NORTHBORO – As the town continues to study the possibility of building a wind turbine to help offset energy costs, the town’s Wind Committee is ramping up its efforts to educate the public about clean and renewable energy.

A group of local residents has decided to apply for federal nonprofit status so it can raise money for the Wind Committee.

The group is called Northboro Friends of Renewable Energy. The group’s goal will be to raise money that the Wind Committee can use to print brochures and take other steps to educate the public about renewable energy projects – mainly, the wind project under study in Northboro.

“Up to this point, the wind turbine committee has been pretty much working out of our own pockets,” said Richard Sweeney, who is leading the Friends of Renewable Energy.

The group is in its infancy; Mr. Sweeney said members still have to define the group’s goals and apply for 501(c)3 status, so they can collect tax-deductible donations to fund the Wind Committee’s work. The Wind Committee, a town committee, cannot raise money, according to the law.

The setup will be similar to groups like Friends of the Northboro Library and Friends of the Northboro Senior Center, which raise money for the town-owned library and senior center.

Those involved with forming the nonprofit energy group in Northboro said they don’t know of any other cities or towns that have taken the same step.

“We’re just beginning, we’re just forming and trying to set our goals,” Mr. Sweeney said. “Basically, we have publicity to worry about.”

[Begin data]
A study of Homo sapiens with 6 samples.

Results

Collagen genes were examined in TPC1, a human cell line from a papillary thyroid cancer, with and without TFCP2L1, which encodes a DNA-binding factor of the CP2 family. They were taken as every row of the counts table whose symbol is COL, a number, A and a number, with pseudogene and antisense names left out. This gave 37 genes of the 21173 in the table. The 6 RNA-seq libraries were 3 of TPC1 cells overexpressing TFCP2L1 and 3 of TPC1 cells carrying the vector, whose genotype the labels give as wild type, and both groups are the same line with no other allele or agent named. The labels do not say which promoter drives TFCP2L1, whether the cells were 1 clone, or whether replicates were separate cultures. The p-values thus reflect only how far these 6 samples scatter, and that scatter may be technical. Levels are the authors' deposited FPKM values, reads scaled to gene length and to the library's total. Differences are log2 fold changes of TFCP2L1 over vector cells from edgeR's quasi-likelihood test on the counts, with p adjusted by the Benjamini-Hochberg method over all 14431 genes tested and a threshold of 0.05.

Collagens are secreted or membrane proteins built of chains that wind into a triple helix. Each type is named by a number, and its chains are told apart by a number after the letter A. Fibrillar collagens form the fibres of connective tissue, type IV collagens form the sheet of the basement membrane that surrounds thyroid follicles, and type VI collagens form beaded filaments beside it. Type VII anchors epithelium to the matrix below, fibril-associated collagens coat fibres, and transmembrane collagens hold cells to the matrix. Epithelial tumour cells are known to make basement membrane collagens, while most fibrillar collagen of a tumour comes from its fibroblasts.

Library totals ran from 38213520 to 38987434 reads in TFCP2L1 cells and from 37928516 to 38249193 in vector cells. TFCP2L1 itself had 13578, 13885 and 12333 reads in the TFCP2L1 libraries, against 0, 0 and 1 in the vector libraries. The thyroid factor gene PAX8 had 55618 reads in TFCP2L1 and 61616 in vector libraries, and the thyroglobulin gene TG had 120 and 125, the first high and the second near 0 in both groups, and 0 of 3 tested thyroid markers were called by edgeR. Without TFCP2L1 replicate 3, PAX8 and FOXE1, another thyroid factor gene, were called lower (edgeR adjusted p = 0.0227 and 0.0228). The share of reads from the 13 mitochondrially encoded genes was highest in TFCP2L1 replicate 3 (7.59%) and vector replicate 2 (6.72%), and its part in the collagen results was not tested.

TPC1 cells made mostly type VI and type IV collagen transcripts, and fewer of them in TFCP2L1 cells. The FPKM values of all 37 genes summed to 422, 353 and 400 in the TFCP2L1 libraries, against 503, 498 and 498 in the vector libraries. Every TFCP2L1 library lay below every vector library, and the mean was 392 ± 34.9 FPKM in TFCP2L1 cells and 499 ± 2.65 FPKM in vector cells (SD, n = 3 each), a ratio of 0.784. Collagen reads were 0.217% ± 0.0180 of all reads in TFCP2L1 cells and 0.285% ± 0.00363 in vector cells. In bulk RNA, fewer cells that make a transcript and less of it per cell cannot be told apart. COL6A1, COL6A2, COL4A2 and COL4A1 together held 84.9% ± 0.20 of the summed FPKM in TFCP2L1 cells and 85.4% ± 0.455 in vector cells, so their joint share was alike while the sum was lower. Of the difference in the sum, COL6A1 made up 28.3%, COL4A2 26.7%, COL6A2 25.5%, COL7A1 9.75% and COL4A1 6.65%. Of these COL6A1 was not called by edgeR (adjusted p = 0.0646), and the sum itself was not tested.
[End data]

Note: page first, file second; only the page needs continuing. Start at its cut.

In July, a 165-foot meteorological – or met – tower was installed on Tougas Family Farm to collect wind data over the course of a year. Those data will help the town decide if a wind turbine in the same or nearby place would capture enough energy to help offset energy costs for town-owned buildings.

If studies show that a wind turbine would be an asset to Northboro, the Wind Committee will present a plan to town meeting, probably in 2012 or 2013. Committee members are planning to be well-prepared to answer any questions taxpayers may have.

The project – if it goes forward – is likely to cost about $3 million to $4 million, but the cost could be less if the town wins grant money.

“It’s too soon to say how it will be funded,” Town Engineer Frederic E. Litchfield Jr. said. “The town would be paying for this in one way or another.”

Mr. Litchfield said the town will benefit from the Wind Committee’s planned public outreach.

“Ultimately, we will have to go to town meeting for some funding, so the better the community can be educated about the wind turbine, the better off we’ll be,” he said. “As with any project, there are people that are opposed.”

Robert Giles, co-chairman of the Wind Committee, said most of the residents he has encountered are open to the project. “There are definitely a few people who are opposed, but I think they’re in the minority,” he said.

Joseph McNamara, the committee’s other co-chairman, said many people have already told him they would like to donate to the Wind Committee’s cause.

“It’s hoped that this (nonprofit group) will increase activism within the citizenry to support renewable energy, thereby saving money and improving living conditions,” Mr. McNamara said.

The town has yet to see any data from the met tower, but Mr. Litchfield said the town’s consultant, Sustainable Energy Development of Ontario, N.Y., has said wind conditions throughout the Northeast have been good for turbines this year.

“It is what we expected it would be,” Mr. Litchfield said. “It’s good, in general.”